A few weeks ago, a friend of mine, feeling particularly frustrated with her newly adopted healthy eating routine, asked me, "Why am I always hungry after an hour when I eat healthy foods?! I never seem to have that problem when I eat the other stuff!"
Hands in the air if you've ever experienced a similar situation. I think many people have. And it's no surprise why—the word "healthy" is everywhere. But what struck me most about my friend's statement is how vastly different everyone's definition of healthy eating seems to be. So how can you tell if you're truly eating healthy?
Next time you're sitting down to a meal or snack, try asking yourself these questions:
- Will the food I'm eating provide me with enough fuel to get me to my next meal or snack?
It is a common misconception that when you eat healthy you have to be hungry all the time. In fact, if you are truly eating healthfully your meals and snacks should keep you full until it is time to eat again—usually around four hours. This is done by creating a balance of calories from the energy nutrients: carbohydrates, proteins and fats. These nutrients are broken down at different rates during digestion, so having a good balance of all three will help keep you feeling satisfied longer. Ideally, half your plate should be fruits and vegetables, a quarter of your plate should be whole grains and a quarter of your plate should be lean meats or another protein source.
- Is the food I'm eating going to provide me with the nutrients my body needs?
Not only does your body need fuel, it needs other nutrients such as vitamins, minerals and phytochemicals. Balancing your plate as described above will also help you get adequate amounts of all the other nutrients your body needs to perform the important tasks it does every day to keep you alive.
- Am I physically hungry right now?
Physical hunger should be the driving force behind most of your eating behaviors. If you are not physically hungry, it is important that you figure out what you really are—bored, tired, stressed, anxious, sad, lonely—so you can address that problem without using food to cope. If you are not physically hungry, it doesn't matter whether you're munching on celery or potato chips,you're still overeating.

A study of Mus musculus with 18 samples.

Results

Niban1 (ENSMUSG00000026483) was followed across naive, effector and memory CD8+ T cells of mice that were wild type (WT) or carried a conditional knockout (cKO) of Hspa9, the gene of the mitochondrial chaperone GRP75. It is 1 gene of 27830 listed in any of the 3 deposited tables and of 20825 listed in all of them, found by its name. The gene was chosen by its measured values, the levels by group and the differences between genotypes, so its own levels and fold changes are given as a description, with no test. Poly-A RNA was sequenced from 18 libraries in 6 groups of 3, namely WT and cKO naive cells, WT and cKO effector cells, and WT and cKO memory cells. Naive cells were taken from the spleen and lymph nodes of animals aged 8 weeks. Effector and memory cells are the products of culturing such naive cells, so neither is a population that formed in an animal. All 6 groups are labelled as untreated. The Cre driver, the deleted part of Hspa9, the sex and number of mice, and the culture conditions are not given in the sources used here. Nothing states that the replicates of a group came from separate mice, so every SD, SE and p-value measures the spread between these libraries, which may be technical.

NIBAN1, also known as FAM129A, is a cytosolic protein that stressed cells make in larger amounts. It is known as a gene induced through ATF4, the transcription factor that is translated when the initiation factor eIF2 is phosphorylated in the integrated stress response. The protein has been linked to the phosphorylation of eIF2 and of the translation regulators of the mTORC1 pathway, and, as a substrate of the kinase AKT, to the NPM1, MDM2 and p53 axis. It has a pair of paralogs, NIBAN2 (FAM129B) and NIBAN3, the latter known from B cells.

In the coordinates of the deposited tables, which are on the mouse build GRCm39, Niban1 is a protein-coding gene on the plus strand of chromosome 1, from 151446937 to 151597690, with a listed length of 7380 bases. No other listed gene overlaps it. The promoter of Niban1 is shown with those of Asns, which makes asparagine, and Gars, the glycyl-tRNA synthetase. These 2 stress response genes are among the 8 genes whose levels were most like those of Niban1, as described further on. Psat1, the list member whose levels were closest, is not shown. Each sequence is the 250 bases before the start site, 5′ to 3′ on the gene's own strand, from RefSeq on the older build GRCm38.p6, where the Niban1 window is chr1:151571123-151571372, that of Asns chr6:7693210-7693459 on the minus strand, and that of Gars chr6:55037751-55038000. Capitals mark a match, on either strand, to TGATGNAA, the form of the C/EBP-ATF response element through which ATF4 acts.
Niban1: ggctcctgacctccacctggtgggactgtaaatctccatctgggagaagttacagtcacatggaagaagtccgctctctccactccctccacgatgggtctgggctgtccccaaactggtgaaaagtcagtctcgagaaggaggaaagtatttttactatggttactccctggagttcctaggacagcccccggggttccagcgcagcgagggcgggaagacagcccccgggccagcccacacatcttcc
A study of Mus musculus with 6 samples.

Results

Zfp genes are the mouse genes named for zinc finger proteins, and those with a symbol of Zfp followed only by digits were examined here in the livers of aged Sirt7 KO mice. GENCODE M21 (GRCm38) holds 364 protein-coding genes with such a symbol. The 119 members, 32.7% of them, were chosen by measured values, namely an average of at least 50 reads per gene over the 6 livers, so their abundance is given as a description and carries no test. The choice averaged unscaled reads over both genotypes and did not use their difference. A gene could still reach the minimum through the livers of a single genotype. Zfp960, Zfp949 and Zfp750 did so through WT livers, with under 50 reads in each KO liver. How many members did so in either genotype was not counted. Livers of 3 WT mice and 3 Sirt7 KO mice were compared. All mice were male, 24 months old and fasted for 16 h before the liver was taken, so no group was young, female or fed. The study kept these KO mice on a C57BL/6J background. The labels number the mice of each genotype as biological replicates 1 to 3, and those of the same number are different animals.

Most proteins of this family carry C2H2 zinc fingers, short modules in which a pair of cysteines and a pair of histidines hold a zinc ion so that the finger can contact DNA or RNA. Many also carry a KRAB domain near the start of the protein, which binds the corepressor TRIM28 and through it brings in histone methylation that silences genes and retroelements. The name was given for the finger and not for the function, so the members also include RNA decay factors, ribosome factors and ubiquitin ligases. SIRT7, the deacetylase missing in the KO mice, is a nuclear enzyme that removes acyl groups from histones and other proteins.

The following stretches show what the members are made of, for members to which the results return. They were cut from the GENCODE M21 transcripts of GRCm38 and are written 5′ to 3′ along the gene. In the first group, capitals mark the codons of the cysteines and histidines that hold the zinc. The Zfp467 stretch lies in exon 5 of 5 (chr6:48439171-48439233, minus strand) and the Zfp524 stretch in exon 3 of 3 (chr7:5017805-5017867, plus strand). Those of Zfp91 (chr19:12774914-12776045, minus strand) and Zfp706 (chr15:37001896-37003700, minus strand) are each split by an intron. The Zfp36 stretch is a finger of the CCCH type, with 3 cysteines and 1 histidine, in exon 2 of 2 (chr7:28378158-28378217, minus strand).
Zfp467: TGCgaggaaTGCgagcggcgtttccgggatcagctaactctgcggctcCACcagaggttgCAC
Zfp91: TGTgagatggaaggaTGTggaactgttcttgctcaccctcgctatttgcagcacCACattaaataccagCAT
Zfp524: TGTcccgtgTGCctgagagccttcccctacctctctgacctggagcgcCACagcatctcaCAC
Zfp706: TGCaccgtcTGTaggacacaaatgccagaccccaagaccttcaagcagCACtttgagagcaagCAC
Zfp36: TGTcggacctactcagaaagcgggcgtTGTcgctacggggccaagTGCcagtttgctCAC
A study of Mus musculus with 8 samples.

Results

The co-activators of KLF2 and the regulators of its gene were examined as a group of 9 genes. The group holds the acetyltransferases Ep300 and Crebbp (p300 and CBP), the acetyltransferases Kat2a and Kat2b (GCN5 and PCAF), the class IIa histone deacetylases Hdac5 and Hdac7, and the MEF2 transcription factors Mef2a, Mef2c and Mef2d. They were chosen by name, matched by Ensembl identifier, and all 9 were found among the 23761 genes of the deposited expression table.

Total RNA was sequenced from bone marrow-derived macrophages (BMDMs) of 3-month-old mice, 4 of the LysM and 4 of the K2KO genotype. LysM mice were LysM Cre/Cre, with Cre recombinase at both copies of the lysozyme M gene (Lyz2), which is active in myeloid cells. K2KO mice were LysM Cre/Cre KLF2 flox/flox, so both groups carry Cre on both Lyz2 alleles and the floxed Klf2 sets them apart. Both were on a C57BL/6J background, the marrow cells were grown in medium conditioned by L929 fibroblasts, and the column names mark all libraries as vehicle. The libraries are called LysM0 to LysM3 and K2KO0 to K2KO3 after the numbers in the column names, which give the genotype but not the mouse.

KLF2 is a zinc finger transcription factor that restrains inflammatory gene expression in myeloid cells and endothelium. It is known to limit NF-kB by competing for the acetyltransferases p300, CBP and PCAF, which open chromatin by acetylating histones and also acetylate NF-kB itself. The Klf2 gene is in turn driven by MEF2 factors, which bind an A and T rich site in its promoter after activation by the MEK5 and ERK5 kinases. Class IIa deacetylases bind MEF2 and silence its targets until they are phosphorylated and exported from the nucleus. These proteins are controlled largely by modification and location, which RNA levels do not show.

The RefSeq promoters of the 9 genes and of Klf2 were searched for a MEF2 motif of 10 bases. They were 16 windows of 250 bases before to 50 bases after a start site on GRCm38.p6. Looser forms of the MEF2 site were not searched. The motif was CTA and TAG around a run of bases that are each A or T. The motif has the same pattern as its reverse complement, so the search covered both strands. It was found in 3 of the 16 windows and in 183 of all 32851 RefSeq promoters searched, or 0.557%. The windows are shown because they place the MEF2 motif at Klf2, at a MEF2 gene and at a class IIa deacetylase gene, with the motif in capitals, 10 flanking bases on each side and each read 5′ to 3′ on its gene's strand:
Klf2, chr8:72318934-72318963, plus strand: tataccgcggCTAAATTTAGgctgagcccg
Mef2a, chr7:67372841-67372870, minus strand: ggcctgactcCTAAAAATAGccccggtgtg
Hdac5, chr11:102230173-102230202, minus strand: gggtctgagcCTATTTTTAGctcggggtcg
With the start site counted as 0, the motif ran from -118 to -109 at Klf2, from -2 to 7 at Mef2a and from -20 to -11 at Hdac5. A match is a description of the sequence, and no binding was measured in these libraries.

- Is this a healthy eating behavior?
When it comes to healthy eating, why you're eating is just as important as what you're eating. Not eating when you're feeling physically hungry, continuing to eat even when you're full, restricting certain foods or food groups (unless medically necessary), indulging in cheat days, feeling guilty about eating or meticulously counting calories, points, carbohydrates or pounds are all examples of unhealthy behaviors. Eat to satisfy physical hunger, and fuel your body with the energy and nutrients it needs at least 80-percent of the time. Eat just for fun or to satisfy a craving 20-percent of the time or less to stay on the right track to truly healthy eating behavior.
Remember, we live in a world driven by industry. Whether we are aware of it or not, these industries shape our perception of the world—and the diet industry is no exception. The latest and greatest diet plans and products give us any number of definitions of what constitutes a healthy food. What's important is learning to ignore all the diet noise you're surrounded by and getting back in touch with your own body. It is more than capable of telling you everything you need to know about keeping it healthy!